Tuesday, April 7, 2009

From now on, youse guys and us is partners, get it?

Organized crime has a long history of "buying into" legitimate businesses, whether the original owners are interested in acquiring partners or not. Those businesses are then redirected to ends favored by the mob, often at the expense of their long-term viability. The actual owners are pushed aside, of course, with little or no hope of winning back control of their companies.

So, is it too much to compare recent actions by the government to those of organized crime? You tell me. From Stuart Varney, writing at the Wall Street Journal:

Here's a true story first reported by my Fox News colleague Andrew Napolitano (with the names and some details obscured to prevent retaliation). Under the Bush team a prominent and profitable bank, under threat of a damaging public audit, was forced to accept less than $1 billion of TARP money. The government insisted on buying a new class of preferred stock which gave it a tiny, minority position. The money flowed to the bank. Arguably, back then, the Bush administration was acting for purely economic reasons. It wanted to recapitalize the banks to halt a financial panic.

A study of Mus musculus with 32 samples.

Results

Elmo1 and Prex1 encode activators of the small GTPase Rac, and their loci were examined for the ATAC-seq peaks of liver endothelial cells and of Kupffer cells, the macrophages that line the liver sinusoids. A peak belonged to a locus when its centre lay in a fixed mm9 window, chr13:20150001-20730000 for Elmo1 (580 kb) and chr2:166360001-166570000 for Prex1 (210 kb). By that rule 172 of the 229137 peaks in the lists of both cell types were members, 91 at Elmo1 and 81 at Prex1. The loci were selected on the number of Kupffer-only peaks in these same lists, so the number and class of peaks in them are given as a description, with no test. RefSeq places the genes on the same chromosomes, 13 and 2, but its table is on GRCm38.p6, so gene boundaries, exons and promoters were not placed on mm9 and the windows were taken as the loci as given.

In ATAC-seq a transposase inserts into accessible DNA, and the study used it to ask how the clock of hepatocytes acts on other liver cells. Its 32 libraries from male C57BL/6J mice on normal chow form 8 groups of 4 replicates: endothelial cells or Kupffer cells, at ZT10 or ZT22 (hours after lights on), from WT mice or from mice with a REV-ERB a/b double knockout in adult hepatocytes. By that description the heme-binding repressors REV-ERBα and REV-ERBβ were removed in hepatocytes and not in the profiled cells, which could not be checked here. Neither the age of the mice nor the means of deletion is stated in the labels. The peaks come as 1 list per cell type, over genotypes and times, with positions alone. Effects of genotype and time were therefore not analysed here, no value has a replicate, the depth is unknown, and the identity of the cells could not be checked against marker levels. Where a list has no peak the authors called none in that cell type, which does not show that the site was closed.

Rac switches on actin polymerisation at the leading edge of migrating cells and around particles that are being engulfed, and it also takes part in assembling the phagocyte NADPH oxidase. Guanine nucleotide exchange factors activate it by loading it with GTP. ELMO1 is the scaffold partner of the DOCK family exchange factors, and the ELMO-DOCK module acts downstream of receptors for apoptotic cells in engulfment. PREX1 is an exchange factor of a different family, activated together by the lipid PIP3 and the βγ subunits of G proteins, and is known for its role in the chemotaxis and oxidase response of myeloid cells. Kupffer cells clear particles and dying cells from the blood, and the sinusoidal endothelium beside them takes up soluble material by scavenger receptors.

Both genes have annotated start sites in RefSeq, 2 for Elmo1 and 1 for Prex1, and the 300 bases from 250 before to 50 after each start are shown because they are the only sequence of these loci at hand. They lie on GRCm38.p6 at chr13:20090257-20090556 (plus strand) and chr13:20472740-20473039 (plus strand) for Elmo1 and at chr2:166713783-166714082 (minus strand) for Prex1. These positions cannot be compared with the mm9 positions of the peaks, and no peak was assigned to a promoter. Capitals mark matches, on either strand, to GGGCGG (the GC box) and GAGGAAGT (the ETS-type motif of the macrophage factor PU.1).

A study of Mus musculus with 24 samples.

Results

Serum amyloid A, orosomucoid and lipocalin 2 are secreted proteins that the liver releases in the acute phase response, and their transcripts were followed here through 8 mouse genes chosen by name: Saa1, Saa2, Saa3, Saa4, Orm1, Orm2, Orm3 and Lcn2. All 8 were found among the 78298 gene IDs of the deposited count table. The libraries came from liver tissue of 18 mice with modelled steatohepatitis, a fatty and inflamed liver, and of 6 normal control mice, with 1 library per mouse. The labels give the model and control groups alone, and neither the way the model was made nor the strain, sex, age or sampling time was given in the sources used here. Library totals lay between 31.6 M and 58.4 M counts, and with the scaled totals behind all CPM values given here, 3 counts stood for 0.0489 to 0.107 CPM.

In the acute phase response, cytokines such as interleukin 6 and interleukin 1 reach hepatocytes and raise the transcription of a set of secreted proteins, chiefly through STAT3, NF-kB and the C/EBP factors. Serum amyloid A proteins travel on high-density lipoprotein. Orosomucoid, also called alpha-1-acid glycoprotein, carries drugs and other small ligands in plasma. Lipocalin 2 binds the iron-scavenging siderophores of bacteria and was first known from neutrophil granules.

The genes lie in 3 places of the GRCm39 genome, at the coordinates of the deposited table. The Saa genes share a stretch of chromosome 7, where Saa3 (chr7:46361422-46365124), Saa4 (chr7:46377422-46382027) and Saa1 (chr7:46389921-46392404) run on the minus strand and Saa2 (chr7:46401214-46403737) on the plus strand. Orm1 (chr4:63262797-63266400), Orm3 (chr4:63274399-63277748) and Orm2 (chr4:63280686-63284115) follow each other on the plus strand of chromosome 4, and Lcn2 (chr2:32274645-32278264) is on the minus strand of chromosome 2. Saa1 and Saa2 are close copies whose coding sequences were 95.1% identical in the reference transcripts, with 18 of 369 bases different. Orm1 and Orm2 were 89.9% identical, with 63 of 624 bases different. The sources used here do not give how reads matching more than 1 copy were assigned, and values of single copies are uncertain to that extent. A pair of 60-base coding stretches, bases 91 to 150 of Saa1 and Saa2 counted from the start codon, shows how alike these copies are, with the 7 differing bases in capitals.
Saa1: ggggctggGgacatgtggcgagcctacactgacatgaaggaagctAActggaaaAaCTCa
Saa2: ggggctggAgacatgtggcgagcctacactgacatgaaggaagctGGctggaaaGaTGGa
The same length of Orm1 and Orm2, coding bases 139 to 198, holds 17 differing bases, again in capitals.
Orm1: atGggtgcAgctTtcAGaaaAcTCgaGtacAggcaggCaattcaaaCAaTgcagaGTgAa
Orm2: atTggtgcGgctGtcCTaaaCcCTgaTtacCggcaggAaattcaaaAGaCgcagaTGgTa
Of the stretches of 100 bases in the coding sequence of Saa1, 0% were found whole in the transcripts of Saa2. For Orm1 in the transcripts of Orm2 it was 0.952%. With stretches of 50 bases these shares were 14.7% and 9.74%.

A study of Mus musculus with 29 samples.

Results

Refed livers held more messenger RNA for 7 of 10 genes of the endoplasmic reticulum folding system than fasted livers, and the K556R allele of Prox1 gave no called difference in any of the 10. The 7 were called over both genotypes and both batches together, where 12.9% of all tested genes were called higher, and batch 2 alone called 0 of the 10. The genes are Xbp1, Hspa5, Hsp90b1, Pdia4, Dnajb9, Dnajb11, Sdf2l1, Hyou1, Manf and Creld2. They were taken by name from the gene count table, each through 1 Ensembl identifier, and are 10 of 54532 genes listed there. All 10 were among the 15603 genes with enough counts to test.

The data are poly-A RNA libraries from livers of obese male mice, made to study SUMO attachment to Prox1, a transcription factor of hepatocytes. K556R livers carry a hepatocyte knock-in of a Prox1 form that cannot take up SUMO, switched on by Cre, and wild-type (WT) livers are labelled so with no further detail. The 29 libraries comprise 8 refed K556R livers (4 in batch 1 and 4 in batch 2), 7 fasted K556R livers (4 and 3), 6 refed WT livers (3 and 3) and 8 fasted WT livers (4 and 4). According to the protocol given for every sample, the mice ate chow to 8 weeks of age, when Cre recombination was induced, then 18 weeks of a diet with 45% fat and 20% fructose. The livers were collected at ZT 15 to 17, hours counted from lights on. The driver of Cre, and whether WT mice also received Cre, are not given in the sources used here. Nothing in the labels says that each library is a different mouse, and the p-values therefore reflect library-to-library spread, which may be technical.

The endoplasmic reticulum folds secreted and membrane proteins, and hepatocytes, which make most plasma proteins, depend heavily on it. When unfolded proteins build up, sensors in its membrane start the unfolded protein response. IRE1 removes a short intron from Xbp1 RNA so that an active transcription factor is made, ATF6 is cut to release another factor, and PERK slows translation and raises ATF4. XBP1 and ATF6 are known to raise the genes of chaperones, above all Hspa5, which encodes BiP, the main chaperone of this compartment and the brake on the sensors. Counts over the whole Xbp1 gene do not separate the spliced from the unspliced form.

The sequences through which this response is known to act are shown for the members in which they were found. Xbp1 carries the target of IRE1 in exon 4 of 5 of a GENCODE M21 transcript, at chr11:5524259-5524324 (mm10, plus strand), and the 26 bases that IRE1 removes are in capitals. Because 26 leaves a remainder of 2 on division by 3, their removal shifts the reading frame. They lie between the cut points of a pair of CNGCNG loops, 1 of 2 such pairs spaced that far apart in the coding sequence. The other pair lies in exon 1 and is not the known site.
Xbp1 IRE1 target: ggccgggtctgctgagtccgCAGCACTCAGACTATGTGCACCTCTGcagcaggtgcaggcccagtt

Fast forward to today, and that same bank is begging to give the money back. The chairman offers to write a check, now, with interest. He's been sitting on the cash for months and has felt the dead hand of government threatening to run his business and dictate pay scales. He sees the writing on the wall and he wants out. But the Obama team says no, since unlike the smaller banks that gave their TARP money back, this bank is far more prominent. The bank has also been threatened with "adverse" consequences if its chairman persists. That's politics talking, not economics.

In the end, an offer you can't refuse is an offer you can't refuse.